When we last bought bottles of C2 green tea (you know, the same occasion I discovered “natural color” among the ingredients), I also bought a bottle of dalandan juice concentrate. The bottle was in the fridge — lying there almost forgotten — until a few days ago when I was craving for cold, cold juice. But the “natural color” episode had made me wary and the first thing I did, even before the plastic seal on the cap, was to check the ingredients.
Every ingredient was natural and familiar except sorbitol.
Sorbitol, also known as glucitol, is a sugar alcohol the body metabolises slowly. It is obtained by reduction of glucose changing the aldehyde group to an additional hydroxyl group hence the name sugar alcohol. [Wikipedia]
I panicked a little when, farther down the page of the same Wikipedia article, I read that sorbitol is commonly used in cough syrups. I checked more resources.
Sorbitol is a bulk sweetener with good taste and reduced calories. It does not promote tooth decay. Sorbitol is suitable for a variety of products reduced in calories, sugar or fat and has been safely used for almost half a century.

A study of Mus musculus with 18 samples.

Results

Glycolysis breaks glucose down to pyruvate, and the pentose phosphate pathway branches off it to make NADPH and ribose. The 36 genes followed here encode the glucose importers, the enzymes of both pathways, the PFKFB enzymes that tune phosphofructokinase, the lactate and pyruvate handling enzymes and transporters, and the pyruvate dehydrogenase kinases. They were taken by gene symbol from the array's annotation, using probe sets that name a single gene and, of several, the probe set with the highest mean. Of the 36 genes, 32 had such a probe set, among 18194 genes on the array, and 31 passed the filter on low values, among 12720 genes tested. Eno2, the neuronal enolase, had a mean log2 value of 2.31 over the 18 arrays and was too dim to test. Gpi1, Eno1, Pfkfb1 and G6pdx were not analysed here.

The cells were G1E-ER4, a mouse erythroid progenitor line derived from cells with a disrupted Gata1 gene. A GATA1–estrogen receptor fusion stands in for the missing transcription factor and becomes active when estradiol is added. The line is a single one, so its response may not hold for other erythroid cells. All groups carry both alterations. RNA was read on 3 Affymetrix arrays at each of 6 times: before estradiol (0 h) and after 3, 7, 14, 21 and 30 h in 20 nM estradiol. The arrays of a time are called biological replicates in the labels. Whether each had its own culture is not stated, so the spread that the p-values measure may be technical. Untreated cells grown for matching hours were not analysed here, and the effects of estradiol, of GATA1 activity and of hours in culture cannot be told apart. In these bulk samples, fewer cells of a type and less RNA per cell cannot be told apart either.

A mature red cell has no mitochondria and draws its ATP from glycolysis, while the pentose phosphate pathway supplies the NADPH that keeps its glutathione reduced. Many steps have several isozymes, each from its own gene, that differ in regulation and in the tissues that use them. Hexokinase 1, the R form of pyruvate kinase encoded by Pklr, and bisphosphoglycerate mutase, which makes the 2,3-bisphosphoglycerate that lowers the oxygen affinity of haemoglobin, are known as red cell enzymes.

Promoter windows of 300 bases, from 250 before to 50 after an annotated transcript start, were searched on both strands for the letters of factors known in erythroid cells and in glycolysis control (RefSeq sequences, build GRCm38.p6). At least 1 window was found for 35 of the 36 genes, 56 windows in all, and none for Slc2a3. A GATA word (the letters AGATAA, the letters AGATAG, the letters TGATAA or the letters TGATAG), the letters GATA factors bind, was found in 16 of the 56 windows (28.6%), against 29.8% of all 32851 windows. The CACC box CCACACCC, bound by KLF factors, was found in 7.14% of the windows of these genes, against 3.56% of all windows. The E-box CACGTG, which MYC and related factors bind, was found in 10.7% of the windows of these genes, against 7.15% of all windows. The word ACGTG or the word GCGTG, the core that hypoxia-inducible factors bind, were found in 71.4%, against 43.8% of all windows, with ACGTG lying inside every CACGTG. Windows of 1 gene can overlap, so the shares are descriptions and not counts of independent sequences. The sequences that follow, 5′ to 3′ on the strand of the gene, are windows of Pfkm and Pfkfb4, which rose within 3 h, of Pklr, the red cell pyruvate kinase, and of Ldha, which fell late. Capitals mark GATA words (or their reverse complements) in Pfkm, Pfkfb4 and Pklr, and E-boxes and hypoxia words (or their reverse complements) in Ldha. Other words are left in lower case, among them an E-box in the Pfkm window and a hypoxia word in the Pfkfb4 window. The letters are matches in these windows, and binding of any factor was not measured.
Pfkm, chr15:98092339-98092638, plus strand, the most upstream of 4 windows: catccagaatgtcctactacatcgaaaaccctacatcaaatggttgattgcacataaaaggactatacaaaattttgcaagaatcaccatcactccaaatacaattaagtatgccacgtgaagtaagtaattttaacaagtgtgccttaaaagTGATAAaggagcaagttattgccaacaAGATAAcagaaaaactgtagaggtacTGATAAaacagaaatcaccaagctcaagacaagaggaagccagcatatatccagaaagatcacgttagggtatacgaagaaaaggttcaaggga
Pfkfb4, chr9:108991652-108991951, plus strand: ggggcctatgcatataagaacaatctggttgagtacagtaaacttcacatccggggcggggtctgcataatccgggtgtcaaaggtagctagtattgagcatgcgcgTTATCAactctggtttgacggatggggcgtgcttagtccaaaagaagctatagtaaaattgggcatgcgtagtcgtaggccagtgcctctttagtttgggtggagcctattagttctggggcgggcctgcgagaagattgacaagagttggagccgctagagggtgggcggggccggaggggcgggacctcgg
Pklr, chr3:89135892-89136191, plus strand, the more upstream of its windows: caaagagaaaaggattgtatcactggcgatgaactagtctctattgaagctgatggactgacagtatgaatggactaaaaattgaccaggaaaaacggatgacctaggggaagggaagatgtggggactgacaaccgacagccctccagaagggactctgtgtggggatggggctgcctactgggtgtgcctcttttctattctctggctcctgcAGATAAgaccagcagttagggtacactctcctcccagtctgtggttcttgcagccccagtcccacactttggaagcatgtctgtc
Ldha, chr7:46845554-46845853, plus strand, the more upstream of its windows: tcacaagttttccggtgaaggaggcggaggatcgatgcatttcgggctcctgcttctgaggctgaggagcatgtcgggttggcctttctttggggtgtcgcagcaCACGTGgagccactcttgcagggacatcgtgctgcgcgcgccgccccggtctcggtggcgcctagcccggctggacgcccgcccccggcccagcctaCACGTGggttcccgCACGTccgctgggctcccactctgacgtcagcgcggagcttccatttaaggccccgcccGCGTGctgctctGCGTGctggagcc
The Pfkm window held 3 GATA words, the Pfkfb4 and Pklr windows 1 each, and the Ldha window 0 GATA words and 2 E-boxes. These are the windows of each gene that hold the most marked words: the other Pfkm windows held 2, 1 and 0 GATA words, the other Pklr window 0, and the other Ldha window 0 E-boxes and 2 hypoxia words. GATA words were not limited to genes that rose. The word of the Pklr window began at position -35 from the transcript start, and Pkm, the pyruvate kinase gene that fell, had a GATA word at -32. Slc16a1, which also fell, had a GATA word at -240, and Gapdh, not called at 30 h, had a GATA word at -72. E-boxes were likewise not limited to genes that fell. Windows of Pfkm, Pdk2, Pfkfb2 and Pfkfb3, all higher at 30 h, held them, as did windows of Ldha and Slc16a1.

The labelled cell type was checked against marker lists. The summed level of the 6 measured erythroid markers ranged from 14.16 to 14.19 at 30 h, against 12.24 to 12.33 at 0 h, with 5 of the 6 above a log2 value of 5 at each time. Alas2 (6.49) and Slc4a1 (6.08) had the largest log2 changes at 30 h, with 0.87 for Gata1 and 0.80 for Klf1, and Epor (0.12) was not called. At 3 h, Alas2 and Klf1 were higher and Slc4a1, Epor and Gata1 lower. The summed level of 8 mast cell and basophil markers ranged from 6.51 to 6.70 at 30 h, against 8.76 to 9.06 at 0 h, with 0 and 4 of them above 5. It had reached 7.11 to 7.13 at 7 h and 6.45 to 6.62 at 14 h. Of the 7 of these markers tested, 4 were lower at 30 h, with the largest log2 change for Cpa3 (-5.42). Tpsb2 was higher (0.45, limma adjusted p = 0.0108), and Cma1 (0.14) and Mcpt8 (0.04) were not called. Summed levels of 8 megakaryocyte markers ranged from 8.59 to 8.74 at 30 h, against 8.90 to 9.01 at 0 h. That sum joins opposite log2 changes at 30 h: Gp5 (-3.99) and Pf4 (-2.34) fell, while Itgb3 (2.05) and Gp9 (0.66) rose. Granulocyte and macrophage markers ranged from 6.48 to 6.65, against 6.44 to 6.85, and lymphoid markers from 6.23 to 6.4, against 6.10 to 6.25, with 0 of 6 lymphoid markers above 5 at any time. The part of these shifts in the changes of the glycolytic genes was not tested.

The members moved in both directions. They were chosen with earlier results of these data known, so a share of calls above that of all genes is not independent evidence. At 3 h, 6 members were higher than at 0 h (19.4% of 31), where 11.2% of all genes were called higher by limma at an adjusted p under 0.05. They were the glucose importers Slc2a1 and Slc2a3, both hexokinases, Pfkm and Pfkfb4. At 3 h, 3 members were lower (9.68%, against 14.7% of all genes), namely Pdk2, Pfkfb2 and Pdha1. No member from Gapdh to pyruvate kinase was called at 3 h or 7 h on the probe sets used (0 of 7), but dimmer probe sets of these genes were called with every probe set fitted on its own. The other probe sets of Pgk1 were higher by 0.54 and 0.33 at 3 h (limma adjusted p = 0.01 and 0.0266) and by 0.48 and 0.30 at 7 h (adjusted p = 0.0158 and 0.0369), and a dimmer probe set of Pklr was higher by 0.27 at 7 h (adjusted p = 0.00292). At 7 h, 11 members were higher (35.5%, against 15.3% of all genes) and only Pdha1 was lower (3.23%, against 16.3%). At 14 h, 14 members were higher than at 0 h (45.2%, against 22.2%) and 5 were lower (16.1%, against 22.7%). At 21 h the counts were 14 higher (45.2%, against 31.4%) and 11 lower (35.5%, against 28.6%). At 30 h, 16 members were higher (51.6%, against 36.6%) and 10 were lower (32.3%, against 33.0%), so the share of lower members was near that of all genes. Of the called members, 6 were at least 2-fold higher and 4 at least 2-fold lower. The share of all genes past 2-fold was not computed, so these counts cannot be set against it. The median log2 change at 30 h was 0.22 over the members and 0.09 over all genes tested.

Sorbitol, a polyol (sugar alcohol), is a bulk sweetener found in numerous food products. In addition to providing sweetness, it is an excellent humectant and texturizing agent. Sorbitol is about 60 percent as sweet as sucrose with one-third fewer calories. It has a smooth mouthfeel with a sweet, cool and pleasant taste. It is non-cariogenic and may be useful to people with diabetes. Sorbitol has been safely used in processed foods for almost half a century. It is also used in other products, such as pharmaceuticals and cosmetics. [CalorieControl.Org]
Sounds okay? The Wikipedia article, however, also says that “too much sorbitol (about 50g or more for adults) can cause severe gastro-intestinal problems.”
Above is a photo of the front label of the dalandan juice concentrate showing the brand name.